Saturday, October 30, 2010

Chinese Impressions 2

The woman at the airline counter looked pissed off when I argued with her to be reassigned a window seat. I felt bad about being so fussy, but I really hate sitting along the aisle.

When I boarded the plane, my heart sank. I could see from a distance that there was someone occupying the seat I had fought for. I hadn't been in China long, but I had already experienced firsthand how the Chinese are not afraid of public confrontations. I mentally prepared myself for the inevitable argument.

When I got to my seat, I could see there would be no fight. It was an old woman, with her husband next to her, and she gave me an embarassed but hopeful smile.

"Am I in your seat? Do you mind if I sit here? I want to look out the window."

Lifang and Bawen were both natives of Guangdong province. They asked if I could help fill in their immigration forms. "No one from our generation studied English."

From their dates of birth in the passports, I did the math. She was 69, and he was 75.

"How long have the two of you been married?"

"Two years shy of our 50th anniversary," he replied, with unmistakable pride. They reached for the other's hands. It was unbearably sweet.

They used to do business in the region, but had retired long ago and were now heading for a week-long holiday in Phnom Penh. They tried to explain the type of work they used to do, but my Mandarin lacked the vocabulary to comprehend. I did, however, understand that it was large-scale, profitable work which required them to travel to different countries.

"Is Singapore still as beautiful as it was?"

"That depends on whether you think buildings are beautiful."

"Ah well, all in the name of progress. Guangzhou is also too big now. It's such a waste."

They told me to come back to China. I should find a job here, there are plenty of opportunities for someone who could speak English. I should travel and see the rest of the country. China is the most beautiful country in the world, and I had to see it all.

Just minutes before the plane began its descent into Phnom Penh, I found out Lifang was Teochew - the first I had met during my trip.

"I have a traditionally Teochew face."

She was delighted to have found another Teochew speaker, and didn't seem to care that my dialect was worse than my Mandarin. She grabbed my arm and whispered conspiratorially into my ear. It was wonderful.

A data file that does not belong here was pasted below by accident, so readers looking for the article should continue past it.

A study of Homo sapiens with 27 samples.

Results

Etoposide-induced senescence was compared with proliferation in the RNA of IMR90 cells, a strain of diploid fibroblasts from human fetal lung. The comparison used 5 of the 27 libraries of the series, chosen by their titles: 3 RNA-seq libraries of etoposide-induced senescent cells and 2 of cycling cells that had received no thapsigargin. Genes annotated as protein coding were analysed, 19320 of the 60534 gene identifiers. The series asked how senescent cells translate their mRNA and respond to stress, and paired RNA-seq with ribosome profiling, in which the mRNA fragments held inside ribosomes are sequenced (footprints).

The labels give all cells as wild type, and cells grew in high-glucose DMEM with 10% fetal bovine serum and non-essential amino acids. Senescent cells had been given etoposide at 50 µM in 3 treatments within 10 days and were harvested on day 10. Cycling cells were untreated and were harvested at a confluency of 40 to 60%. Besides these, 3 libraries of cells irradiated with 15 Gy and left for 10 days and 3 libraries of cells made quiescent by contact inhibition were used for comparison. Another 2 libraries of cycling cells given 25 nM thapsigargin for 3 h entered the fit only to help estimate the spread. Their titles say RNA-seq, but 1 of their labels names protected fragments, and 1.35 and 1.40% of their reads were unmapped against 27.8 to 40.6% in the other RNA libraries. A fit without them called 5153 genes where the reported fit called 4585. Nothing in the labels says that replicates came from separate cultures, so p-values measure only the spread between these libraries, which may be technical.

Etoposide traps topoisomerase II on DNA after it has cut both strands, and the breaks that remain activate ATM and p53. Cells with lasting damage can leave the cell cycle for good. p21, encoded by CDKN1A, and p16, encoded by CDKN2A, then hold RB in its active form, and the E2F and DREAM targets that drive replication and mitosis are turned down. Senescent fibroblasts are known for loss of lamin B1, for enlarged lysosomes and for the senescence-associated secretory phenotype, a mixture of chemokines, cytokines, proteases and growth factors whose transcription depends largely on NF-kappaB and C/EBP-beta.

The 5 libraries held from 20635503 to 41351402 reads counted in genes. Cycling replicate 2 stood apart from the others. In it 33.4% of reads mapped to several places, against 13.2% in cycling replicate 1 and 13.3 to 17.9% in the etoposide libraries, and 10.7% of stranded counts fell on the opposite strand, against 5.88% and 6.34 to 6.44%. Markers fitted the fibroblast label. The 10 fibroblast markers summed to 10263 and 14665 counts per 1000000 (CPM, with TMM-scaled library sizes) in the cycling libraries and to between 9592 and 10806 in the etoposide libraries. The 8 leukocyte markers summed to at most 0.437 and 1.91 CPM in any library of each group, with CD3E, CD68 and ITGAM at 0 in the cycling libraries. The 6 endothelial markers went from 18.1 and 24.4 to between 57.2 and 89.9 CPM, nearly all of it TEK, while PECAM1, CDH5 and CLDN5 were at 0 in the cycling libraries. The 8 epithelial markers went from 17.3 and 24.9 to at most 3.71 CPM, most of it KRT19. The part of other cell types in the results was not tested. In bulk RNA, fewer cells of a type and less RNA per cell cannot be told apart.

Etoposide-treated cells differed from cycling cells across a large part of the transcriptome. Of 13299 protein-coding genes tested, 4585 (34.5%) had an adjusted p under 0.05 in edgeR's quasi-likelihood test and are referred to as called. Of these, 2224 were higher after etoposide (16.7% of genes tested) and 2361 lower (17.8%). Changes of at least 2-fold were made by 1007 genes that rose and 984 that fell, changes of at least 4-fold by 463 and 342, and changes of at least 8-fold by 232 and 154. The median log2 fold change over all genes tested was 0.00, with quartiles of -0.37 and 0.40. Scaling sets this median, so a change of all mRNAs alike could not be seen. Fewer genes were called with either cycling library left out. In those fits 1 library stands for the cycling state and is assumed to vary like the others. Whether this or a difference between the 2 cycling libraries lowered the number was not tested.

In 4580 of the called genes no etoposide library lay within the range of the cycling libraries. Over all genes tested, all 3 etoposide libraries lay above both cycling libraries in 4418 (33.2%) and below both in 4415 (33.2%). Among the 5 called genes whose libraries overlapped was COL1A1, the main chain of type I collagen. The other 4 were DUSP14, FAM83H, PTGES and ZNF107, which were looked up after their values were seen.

The pilot didn't do a very good job during the landing - the plane shook a lot more than what I was used to. Lifang saw the look on my face, and she patted my arm as she leaned back in her chair, utterly relaxed.

"I don't have the same fears as you do. I'm not scared. Once you hear the wheels being released, you have nothing to worry about. Trust me."

She gave me a wink.

"We are old and experienced. We know these things."

Chinese Impressions 1

He was short and squat, and I was uncomfortable. Why had they assigned me the male masseuse, and not my male friend who was in the other room? "I'm happy to be able to serve you," he said to me in Mandarin as he arranged the towels on the chair.

There is always that awkward conversation to be had during a foot massage. It's a lot easier to avoid eye contact during the full body ones, but there is no escape when someone's seated right in front of you. How do you make small talk with someone who's holding your feet? I try my best, in any case.

We went through the usual routine - where are you from, what are you doing here, do you like China? He was very concerned about how cold I was.

"Bad blood circulation. You are too skinny."

I asked him about a tattoo he had on his arm. It looked like one of those insignias that members of a gang would have. "Everyone in my family has one," he said. "It means I have 'heart'."

He told me he had a friend who was in Singapore. I asked if he would try heading there as well, that it might be easy to find a good job in one of the many massage places we had.

"I don't have a passport," he replied. "The furthest place I have ever been is Shenzhen."

We passed some moments in silence before he spoke again.

"If you are in Singapore, can you make phone calls to China?"

For sure, I replied.

"I don't believe you. I don't see how it is possible."

I tried my best to convince him, telling him my parents called me daily from Singapore. I don't think he believed me. When the massage was over, he told me my liver was in bad shape.

Friday, October 15, 2010

Siem Reap


Siem Reap

I find it difficult to accept the fact that I'm actually working and being productive - not when I'm in a town like this, when everyday feels like I won the lottery and got sent on a dream holiday.

Siem Reap is beautiful to me because of its simplicity despite the multitudes of luxuries available. It seems like a contradiction, one which I've struggled with for all of five minutes, but I suppose such things resolve themselves in the end.

Of course, this is only because I've deliberately refrained from seeing things as they really are. The only relevant question I've asked was something about local salaries, but I don't think I really listened to the answer. In the midst of the beautiful restaurants and Pub Street there is reality to be found, but I don't quite want to see it yet.